On Thursday, many Cherokee County residents will be gathering with friends and family to celebrate Thanksgiving. Turkey, ham, or other savory meats, with all the trimmings, will grace well-appointed tables, followed by pumpkin or pecan pie.
Regardless of its nebulous beginnings, this holiday has become for many Americans a time of reflection on the blessings they share. Though in recent years, it’s become more commercialized, many families still reserve this day as the one time during the year they can share a meal a meal and their common stories.
Others aren’t so fortunate. Not everyone is lucky enough to have the day off. More retailers are open on Thanksgiving, and convenience stores have long been holiday staples. Law enforcement officers, EMTs, firefighters, hospital personnel, and media staffers are also on the clock, and many others – like utility company crews – must be on call that day.
But at least most of these folks have jobs, and can put food on the table, even if it’s not in the traditional way. And they have roofs over their heads, and clothing on their backs. That’s not the case for a growing number of people in this country.
As Americans become increasingly polarized on the political spectrum, the less fortunate are increasingly – and wrongfully – being demonized. In many areas, the economy is still in the doldrums, and that breeds resentment among those struggling to keep their heads above water. The poor, the downtrodden, and those fighting addictions find themselves in the spotlight as accusatory fingers are pointed. Those to whom the fingers are attached ask, “Can’t they just pull themselves up by the bootstraps?”
The fact is, many folks have fallen on hard times through no fault of their own. They may have lost their jobs, and are now unable to pay their bills. Maybe they have left abusive relationships and are still unable to stand on their own feet. Or perhaps they are just caught up in a cycle of poverty that started with their parents or grandparents, and simply don’t know how to “pull themselves up by the bootstraps.”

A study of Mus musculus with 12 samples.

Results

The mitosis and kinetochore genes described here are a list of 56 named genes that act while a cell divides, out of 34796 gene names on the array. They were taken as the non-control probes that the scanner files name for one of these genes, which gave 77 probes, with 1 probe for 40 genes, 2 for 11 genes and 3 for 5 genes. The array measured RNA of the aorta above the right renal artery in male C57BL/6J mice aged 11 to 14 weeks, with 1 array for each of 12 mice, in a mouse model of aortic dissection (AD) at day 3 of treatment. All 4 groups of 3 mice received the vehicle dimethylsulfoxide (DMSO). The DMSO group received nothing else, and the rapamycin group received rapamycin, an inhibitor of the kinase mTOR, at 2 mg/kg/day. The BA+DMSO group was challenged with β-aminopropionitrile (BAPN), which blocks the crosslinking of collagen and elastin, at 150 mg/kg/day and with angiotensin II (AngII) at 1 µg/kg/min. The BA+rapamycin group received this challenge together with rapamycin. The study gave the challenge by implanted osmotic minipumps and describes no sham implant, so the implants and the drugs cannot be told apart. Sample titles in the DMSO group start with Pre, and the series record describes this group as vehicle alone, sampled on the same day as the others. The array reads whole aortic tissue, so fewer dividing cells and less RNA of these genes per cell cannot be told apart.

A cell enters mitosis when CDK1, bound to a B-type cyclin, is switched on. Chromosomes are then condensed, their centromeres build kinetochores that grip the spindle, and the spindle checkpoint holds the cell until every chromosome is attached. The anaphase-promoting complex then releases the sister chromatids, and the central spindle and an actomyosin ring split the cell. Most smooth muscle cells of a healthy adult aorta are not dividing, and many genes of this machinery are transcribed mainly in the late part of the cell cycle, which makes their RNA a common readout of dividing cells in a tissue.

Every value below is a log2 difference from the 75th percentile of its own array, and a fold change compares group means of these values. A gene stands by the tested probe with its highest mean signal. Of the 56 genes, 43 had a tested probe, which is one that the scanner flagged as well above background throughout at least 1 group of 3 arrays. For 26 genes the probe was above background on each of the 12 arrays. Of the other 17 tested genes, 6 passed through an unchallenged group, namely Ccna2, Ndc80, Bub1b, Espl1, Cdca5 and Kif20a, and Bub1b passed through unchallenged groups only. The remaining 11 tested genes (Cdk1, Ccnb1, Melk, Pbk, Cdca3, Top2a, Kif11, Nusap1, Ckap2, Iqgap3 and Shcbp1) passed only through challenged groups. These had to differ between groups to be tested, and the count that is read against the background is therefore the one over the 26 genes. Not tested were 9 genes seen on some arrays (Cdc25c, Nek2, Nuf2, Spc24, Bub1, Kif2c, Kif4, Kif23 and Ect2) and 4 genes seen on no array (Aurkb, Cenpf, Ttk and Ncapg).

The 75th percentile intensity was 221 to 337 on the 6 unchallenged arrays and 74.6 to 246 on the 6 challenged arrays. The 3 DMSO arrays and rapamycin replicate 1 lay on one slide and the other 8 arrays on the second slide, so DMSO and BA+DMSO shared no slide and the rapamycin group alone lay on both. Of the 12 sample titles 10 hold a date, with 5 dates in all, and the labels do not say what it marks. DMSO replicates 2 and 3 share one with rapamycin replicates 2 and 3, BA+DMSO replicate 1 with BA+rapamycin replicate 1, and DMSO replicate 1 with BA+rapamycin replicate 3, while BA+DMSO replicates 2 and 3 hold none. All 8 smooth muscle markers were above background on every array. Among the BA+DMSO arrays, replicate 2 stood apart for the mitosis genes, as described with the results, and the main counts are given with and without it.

The more fortunate among us – those with jobs that pay a living wage – can do a little more this Thursday than offer gratitude to a higher power for our own circumstances. When we look at others surviving through “government handouts,” we need to remind ourselves it could happen to anyone: As the saying goes, “There but for the grace of God go I.”
And those who are so sheltered that they don’t know anyone in dire straits need only look back at the Daily Press over the past several days and read about the folks who live at Stepping Stones, the rooming house about to be closed by the city.
This year, instead of just writing off low- or no-income neighbors as deadbeats, why not take a closer look and see what you can do to help? Or if you can’t or won’t help, why not at least resist the urge to judge? Many who profess to be people of faith are the first to condemn, though that goes against scripture – just as surely as helping one’s neighbor is in accordance with scripture.
Many of us have much to be thankful for; others do not. Those of us lucky enough to have a fabulous spread this Thursday need to give that some thought.